Steer Tripping

A small glimpse into the past

 

Those who attended the Martha Miles Memorial Roping event the end of May got a special look into the past: A Single Rider Roping contest. The contest was held both Saturday and Sunday afternoons - on Saturday before the roping event, and on Sunday after. 

When cowboys first started watching cattle on wide-open range, they spent a lot of their time by themselves as they looked after the herd. This meant they had to be able to take down a steer and tend to whatever needed tending alone. This method of taking the steer down and under control is called single rider roping now, but in the past it was referred to as steer tripping, steer tossing or steer busting, meaning busting the animal’s spirit as you made it follow your will. If the cowboy saw a steer that was sick, hurt or was just missed at branding, he roped, tripped and tied the steer so he was left lying sill on the ground and easier to work on. After the cowboy was finished, a quick untie, and both rider and steer were free to continue on their way.

Because this was done alone with no witnesses, it was also popular with rustlers. If they saw a steer without a good brand on it or one they could alter to their own, they could rope, trip and tie him all by themselves. Once the steer was down, they built a fire, heated a large ring from their saddle, then used a couple of branches to make a makeshift running iron. They put their brand on the animal, and then it was free money come roundup time when the animal was sold.

Because everything needs to be done correctly in the process, it showed off a cowboy’s skill level the best. That is why Single Rider Roping was one of the first rodeo events. By using a stop watch, you could easily compare one cowboy against another. At these early rodeos, the steers used were large animals brought into town to be sold anyway, instead of special rodeo stock. This made the cowboy’s work harder and was more dangerous for the steers. Because they were on their way to the meat plant, they were larger, heavier animals, and the tripping process could injure them. The stock owners didn’t care if an animal was injured and had to be put down because they were on their way to be put down and be butchered anyway. These were the factors that led Single Rider Roping to get a bad reputation, so it was slowly replaced at rodeos by team roping, the same event essentially, but with two riders, a header and heeler, doing the work of the one roper.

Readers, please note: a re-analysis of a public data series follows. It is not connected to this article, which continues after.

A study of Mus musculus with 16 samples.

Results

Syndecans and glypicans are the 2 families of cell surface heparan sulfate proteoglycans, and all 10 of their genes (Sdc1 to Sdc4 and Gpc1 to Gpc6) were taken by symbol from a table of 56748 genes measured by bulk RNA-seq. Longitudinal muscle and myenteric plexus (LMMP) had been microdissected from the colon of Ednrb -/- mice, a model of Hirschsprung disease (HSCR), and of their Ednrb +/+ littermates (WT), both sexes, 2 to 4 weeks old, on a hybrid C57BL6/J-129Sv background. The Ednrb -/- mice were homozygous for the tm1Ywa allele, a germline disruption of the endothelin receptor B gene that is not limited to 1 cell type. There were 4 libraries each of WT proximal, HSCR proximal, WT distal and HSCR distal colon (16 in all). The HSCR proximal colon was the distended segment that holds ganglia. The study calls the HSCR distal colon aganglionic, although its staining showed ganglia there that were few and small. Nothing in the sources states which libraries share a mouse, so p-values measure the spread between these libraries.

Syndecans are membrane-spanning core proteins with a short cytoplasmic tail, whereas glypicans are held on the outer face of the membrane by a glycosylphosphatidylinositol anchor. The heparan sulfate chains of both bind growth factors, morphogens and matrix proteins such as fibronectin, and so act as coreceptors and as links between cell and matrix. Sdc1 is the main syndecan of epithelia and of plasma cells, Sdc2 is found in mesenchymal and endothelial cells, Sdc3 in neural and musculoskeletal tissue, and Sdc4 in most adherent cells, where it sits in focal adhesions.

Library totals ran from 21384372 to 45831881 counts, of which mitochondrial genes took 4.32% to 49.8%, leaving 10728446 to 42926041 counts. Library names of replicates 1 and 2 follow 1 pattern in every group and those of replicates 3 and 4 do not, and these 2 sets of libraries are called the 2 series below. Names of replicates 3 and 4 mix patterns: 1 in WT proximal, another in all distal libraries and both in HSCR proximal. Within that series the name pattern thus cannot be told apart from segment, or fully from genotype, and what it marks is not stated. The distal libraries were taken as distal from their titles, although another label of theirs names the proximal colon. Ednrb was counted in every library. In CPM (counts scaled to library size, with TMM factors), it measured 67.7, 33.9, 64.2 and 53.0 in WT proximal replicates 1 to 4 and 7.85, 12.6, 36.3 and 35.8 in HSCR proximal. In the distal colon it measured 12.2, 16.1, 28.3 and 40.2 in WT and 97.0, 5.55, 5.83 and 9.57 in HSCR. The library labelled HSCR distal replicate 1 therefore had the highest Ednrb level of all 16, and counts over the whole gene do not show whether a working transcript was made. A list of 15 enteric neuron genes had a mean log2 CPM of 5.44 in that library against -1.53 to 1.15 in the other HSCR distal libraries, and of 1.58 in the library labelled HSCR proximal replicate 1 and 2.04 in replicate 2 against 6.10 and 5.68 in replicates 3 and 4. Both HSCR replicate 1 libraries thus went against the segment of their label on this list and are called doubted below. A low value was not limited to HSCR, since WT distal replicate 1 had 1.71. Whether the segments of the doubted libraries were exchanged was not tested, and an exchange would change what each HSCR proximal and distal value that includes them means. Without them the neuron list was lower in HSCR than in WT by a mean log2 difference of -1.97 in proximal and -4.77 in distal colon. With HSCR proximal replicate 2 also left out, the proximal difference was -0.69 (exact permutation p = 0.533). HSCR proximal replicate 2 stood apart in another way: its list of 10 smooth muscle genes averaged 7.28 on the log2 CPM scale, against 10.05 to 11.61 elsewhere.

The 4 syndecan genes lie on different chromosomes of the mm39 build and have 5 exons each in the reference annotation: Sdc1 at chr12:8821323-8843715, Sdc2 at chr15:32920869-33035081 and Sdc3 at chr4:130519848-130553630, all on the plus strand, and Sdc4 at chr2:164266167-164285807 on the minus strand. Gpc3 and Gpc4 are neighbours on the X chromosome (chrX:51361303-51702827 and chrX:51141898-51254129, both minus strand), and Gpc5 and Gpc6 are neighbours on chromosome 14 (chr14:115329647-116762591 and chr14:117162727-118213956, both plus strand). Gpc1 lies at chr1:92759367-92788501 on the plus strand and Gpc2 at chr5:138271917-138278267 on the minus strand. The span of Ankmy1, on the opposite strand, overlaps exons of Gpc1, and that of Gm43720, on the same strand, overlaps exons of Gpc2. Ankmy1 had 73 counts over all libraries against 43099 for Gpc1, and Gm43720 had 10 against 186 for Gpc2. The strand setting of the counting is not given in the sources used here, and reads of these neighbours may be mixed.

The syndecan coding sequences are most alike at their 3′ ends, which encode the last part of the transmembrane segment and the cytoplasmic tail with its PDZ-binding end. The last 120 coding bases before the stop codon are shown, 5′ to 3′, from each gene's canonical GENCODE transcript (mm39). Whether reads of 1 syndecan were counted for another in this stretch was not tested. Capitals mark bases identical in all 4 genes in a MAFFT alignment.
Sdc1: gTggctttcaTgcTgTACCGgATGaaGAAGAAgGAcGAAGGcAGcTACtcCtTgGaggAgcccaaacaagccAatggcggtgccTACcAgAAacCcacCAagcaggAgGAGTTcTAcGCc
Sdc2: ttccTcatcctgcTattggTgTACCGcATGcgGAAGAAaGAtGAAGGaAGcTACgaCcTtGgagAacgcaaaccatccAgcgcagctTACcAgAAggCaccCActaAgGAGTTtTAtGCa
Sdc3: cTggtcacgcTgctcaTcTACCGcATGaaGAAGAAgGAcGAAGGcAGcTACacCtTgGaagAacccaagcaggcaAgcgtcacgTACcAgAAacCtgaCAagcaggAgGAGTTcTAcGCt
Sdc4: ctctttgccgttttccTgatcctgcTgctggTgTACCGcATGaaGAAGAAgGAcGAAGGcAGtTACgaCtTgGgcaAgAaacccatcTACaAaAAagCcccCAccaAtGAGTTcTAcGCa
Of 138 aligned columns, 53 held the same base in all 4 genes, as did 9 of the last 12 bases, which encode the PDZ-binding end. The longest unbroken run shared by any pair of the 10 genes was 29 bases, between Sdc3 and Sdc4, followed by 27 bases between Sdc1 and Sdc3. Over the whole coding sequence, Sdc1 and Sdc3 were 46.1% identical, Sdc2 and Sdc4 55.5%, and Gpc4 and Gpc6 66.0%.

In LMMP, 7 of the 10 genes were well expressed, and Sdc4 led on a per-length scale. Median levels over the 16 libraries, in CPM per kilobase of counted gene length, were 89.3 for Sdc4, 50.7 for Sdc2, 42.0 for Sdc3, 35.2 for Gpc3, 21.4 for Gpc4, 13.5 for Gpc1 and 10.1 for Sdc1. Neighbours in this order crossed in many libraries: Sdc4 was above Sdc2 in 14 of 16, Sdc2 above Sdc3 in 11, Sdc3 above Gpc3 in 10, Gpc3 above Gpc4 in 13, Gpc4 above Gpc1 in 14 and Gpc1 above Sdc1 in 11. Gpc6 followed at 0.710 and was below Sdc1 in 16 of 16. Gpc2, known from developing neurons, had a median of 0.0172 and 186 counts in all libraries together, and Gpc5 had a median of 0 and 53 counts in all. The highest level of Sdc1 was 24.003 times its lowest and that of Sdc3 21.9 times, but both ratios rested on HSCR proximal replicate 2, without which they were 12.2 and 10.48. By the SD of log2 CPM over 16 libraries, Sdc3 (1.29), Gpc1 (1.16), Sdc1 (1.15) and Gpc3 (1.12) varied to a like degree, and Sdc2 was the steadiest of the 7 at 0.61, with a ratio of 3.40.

Another big factor in Single Rider Roping fading out of popularity was the fact that rodeo was growing in popularity. This means stock has to be available yearround, not just at fall roundups. This created stock owners who, instead of selling their stock, loaded them up in trailers to take them to the next rodeo in the next town. The owners still had larger, heavier, older animals, but they were more concerned that the animal avoid injury so it could be used in the next rodeo. As rodeos have continued to grow in popularity, stock owners have learned that younger, lighter, healthier animals were better able to perform and travel throughout their useful rodeo life.

With the stock being so much healthier, a group of ropers with a sense of history is trying to bring back single rider roping. They have started by forming small groups that travel from event to event, holding a small Single Rider Roping as an exhibition part of a larger event. These small events are giving people across the state a chance to have the same look  into the past as these single riders have.